About Justin Amash…
A year ago Rep. Justin Amash took a position that after reading the Mueller Report he believed it indicated that Pres. Trump had committed offenses for which he could be impeached, as well as coming to other conclusions including that partisanship has eroded the checks and balances built into our political system. I stated at the time that this indicated Amash was going to be making a move in his political career. He has long described himself as libertarian and has been among the most pro-liberty Members of Congress during his time in office. I along with many others had hopes that Amash would make his party label match his self identification and either seek re-election to his House seat as a Libertarian or even run for president. However, he instead chose July 4th to declare himself an Independent. That’s a nice bit of political symbolism, but now that Amash has decided to jump into the race for the LP presidential nomination what are we to make of his journey to this point?
There are those who argue that because he is a Member of Congress the LP would be foolish to pass up the opportunity to have him as our standard-bearer for 2020. At first glance that might seem so, but there have been five Representatives in the past fifty years who been the presidential nominee of an alternative party and four of them finished with less than 1% of the vote. Only John G. Schmitz, 1972 candidate for the American Independent Party, did better; he garnered 1.4%. Schmitz was the only one to still be in office when he ran, he was a lame duck after an influential constituent of his named Richard Nixon helped get him primaried, but clearly even a prominent former U.S. Rep. doesn’t automatically generate votes. Bob Barr was a highly visible national figure but was worth less than half a percentage point for the LP in 2008. Ron Paul made all kinds of noise in the Republican primaries in 2008 and 2012, but managed just .5% for the LP in 1988. And it’s not Libertarian-specific, the Green Party saw it’s second worst result when it picked Cynthia McKinney and every other Constitution Party presidential nominee received more votes than Virgil Goode. Being a Member of Congress just doesn’t move the needle all that much.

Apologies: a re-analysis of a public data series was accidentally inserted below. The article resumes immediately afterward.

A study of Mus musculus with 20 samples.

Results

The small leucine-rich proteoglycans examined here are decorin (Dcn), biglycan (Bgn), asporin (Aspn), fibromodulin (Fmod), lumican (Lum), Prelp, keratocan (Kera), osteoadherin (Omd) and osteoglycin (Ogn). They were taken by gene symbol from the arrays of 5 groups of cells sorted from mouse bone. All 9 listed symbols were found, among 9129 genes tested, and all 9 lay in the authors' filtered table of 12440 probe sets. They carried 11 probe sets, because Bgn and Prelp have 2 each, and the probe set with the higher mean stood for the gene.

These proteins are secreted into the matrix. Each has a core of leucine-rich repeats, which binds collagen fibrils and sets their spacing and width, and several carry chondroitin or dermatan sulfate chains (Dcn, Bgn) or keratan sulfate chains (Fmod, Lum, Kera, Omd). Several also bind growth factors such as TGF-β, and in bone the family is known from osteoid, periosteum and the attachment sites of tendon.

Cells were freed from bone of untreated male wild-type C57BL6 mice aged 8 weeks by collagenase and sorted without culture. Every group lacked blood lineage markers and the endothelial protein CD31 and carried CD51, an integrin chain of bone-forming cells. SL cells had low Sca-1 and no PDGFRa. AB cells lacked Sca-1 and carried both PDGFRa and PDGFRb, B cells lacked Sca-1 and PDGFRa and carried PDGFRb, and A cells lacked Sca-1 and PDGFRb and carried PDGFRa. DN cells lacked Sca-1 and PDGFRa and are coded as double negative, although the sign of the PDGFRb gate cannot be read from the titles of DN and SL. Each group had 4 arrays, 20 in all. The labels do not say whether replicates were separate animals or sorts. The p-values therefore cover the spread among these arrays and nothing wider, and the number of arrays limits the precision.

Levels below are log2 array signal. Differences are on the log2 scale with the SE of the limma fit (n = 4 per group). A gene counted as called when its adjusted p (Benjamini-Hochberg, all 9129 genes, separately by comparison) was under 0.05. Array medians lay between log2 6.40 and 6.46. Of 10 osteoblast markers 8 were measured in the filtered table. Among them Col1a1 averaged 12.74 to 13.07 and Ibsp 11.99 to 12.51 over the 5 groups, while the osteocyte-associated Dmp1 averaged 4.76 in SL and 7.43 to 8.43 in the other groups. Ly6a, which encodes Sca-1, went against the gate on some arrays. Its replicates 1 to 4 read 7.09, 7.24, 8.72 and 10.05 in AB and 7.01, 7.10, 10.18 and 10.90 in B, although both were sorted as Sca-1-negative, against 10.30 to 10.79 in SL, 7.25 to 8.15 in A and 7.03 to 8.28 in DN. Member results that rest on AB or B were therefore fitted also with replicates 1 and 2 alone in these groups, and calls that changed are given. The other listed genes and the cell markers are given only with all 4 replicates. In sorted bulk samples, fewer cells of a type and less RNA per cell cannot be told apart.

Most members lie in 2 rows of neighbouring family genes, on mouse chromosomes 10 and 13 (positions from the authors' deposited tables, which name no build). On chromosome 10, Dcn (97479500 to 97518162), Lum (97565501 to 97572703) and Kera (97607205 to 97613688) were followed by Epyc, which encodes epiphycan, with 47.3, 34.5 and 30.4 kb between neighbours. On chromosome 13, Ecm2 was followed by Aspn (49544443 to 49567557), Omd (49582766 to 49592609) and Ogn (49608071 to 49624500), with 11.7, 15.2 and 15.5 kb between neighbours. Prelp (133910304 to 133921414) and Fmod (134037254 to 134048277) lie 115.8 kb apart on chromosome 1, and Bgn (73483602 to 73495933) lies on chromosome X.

Many will say that an Amash campaign will be different. Perhaps so, but of his five predecessors, three also jumped into the presidential race very late in the process. Only Ron Paul was running for the nation’s top office for more than a year but that was partly out of necessity because the nominating convention was held in September of 1987. It’s not impossible for Justin Amash to match or exceed Gary Johnson’s historic 2016 result but one can’t help but think it would be easier to do that if he had been spending the last ten months raising money and building a national campaign organization. Why didn’t he declare himself for liberty on July 4th, 2019?
I have no inside information on the decision making of Justin Amash. One can come up with several reasons why he might have decided to run for president last year but not entered the race until now. It’s understandable to not want to have to be on the same stage with people wearing funny hats. A primary race takes a lot of effort, even for a front runner. A candidate with credentials that others don’t possess may feel themselves to be such a compelling choice that it’s not necessary to compete. Whatever the reason, if Amash intended to seek the LP nomination all along he should have been open and honest about it. If he really wasn’t sure if he wanted to run for president then that may be even more concerning after he repeatedly dropped hints last summer and fall that he would run. Even now after committing he admitted that he hasn’t been campaigning for re-election to his House seat since February. Dithering of that sort does not inspire confidence.
We could have had a Libertarian Party unified behind Justin Amash, building campaign organizations in every state and recruiting down-ballot candidates that would both support and be supported by the national ticket. The missed opportunity is massive for both Amash and the LP. Last year I was ready to go to work for the candidate I thought we might have and if the shadow of that candidate is nominated I will work to get him as many votes as can be had. But I cannot support him for the nomination. Justin Amash doesn’t guarantee that we will do better than previous LP campaigns, he doesn’t instill confidence that he will leave the party in better shape after Nov. 3rd than he found it, and it has become quite clear that he either won’t share his plans with us or that he has no plan at all.